Private Placement Due Diligence and FINRA Anti-Fraud Enforcement

The Financial Industry Regulatory Authority (FINRA) has recently noted significant market abuses in the sale of private placements by member firms. These abuses include fraud and sales practices directly related to the marketing of Regulation D offerings, including the delivery of private placement memoranda and sales materials to investors that contained inaccurate statements or omitted information necessary to make informed investment decisions. To address this situation, FINRA issued a reminder to membership of its current obligations with respect to the private placement of Regulation D offerings (Regulatory Alert 10-22, Obligations of Broker-Dealers to Conduct Reasonable Investigations in Regulation D Offerings) (the “Release”). The majority of the Release restated due diligence obligations that date back to the 1980’s when Prudential Securities incurred substantial sanctions related to the offering and sale of proprietary real estate partnerships. However, there was an interesting discussion of FINRA’s position on the anti-fraud implications to a broker-dealer with respect to due diligence.
FINRA states in the Release that as a result of a broker-dealers’ special relationship with a customer, when a broker-dealer recommends a security, they are under a duty to conduct a reasonable investigation concerning that security and the issuer’s representations about it. As a result, when the broker-dealer makes a recommendation to a customer, the broker-dealer has engaged in a reasonable investigation and its recommendation is based upon the conclusions resulting from such investigation. FINRA stated that failure to comply with this duty is a violation of the antifraud provisions of the federal securities laws and, particularly, Section 17(a) of the Securities Act, Section 10(b) of the Securities Exchange Act and Rule 10b-5 there under by the SEC. In keeping with the utilization of all tools at their command, FINRA also made it clear that such activities could also constitute a violation of FINRA Rule 2010, which requires adherence to just and equitable principles of trade, and FINRA Rule 2020, prohibiting manipulative and fraudulent devices.
The utilization of this theory by FINRA is problematic in that it appears that FINRA intends to hold brokers responsible for an unaffiliated issuer’s false statements, based in part on a lack of due diligence documentation.  No one advocates fraud, and it is clear that adequate and through due diligence initiatives are imperative. However, the implication that a due diligence oversight can lead to a violation of the antifraud provisions of the federal securities laws, particularly, Section 17(a) of the Securities Act, Section 10(b) of the Securities Exchange Act and Rule 10b-5 is significant. This is especially true when your due diligence efforts will be judged after the fact, which always results in 20/20 vision.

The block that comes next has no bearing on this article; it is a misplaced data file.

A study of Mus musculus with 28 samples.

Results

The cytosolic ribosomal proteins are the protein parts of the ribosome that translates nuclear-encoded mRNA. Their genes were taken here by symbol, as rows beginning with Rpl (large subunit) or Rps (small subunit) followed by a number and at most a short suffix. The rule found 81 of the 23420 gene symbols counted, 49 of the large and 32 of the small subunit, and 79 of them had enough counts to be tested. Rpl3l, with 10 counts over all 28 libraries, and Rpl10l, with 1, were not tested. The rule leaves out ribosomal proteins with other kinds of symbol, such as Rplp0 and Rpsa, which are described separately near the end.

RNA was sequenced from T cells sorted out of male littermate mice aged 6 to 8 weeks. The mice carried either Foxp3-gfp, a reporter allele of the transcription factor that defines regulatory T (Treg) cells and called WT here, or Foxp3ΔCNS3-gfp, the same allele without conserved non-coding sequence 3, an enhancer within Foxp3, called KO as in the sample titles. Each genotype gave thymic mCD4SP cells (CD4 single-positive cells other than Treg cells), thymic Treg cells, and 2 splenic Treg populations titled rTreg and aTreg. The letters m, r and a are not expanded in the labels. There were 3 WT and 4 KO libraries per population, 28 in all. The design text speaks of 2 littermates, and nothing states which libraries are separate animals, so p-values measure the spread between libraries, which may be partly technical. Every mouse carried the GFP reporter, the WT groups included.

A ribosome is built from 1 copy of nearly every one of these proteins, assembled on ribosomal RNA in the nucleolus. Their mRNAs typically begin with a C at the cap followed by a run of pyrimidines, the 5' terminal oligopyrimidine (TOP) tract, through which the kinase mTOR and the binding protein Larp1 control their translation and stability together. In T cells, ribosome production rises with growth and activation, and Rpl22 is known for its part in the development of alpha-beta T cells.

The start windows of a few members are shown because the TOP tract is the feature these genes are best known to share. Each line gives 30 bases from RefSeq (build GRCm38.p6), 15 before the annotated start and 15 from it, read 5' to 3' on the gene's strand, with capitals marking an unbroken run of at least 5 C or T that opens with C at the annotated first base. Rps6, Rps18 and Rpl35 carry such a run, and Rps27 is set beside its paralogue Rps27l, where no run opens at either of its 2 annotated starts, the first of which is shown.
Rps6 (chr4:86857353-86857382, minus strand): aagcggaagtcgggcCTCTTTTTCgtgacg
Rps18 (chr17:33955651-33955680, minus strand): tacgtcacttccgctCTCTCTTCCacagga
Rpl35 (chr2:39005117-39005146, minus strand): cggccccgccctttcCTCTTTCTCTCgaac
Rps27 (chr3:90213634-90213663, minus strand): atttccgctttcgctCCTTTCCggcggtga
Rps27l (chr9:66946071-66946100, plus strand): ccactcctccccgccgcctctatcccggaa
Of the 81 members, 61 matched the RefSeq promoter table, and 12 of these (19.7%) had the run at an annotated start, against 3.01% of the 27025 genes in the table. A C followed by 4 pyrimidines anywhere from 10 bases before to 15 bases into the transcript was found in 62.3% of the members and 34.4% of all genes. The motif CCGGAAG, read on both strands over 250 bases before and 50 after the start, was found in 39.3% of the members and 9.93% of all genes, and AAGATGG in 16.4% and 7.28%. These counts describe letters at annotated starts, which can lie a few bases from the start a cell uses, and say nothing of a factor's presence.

Ultimately, the application of Section 10(b) liability related to a due diligence oversight for a broker-dealer is not supported by civil case law. While it may be viewed as another FINRA “tool” to fight fraud, the Justice Department, the SEC and the courts are the correct venues for enforcing Section 10(b) and Rule 10b-5 liability, not FINRA. Nevertheless, it is critical to listen to what we are being told by FINRA, because no one wants to be the next regulatory poster-child for a deemed oversight of due diligence with respect to private placements.
We believe that a review of the issues set forth in the Release, along with a determination as to whether your current due diligence process is reasonable, and addresses the critical points set out in the Release. To the extent weaknesses are found in your due diligence process and procedures they should be modified accordingly.
Should you have any additional questions or concerns, please feel free to contact Daniel E. LeGaye or Michael Schaps by e-mail or phone, at 281-367-2454, or consult with your legal counsel or third party consultant.
This legal update has been provided to you courtesy of The LeGaye Law Firm, P.C., 2002 Timberloch Drive, Suite 200, The Woodlands, Texas 77380. Visit our web site at information contained herein is not, nor is it intended to be legal advice or establish or further an attorney-client relationship. All facts and matters reflected in this information should be independently verified and should not be taken as a substitute for individualized legal advice. You should consult an attorney for individual advice regarding your own situation. Not Board Certified by Texas Board of Legal Specialization. Michael Schaps is not licensed to practice law.